Many people in California will work even when they are excessively sleepy, which can be dangerous. Drowsiness is known to impair one’s attention, ability to make correct judgments and ability to react quickly to dangers. Worst of all, drowsy workers are less capable of judging their own condition, thinking instead that they can handle potentially risky tasks and maneuvers.

The National Sleep Foundation explains how excessive drowsiness contributed to certain disasters. For example, the Three Mile Island nuclear meltdown in 1979, which occurred at approximately 4am, involved some overnight shift workers too sleepy to address certain mechanical problems in time. The Chernobyl incident is another example; it also occurred at a time when drowsiness had hit its peak (1:30am).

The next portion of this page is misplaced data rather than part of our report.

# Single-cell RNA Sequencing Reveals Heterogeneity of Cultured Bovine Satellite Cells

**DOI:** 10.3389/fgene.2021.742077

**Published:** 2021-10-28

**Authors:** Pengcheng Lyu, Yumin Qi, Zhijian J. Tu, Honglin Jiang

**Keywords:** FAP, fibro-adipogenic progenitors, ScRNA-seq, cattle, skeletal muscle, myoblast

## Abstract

Excessively sleepy workers are 70% more likely to be in an accident than workers who are awake and attentive. Accidents and injuries are far more likely as well among those with chronic insomnia, or trouble falling asleep and staying asleep. Accident risk doubles for those who are drowsy and who snore, the reason being that snoring could indicate a sleep disorder called obstructive sleep apnea. As one Swedish study involving nearly 50,000 workers found, the risk of dying in an accident also doubles for those with sleep problems.

Those who do not heed the NSF and get adequate sleep will likely be injured in an accident on the job. They may file for workers’ comp benefits, though if the employer sees that victims were to blame for their own injuries, he or she may deny those benefits. The process of filing a claim can be complicated, then, and mounting an appeal may not be a good idea without a lawyer. Victims may see a lawyer for a case evaluation first. The lawyer may discuss settling the case, too.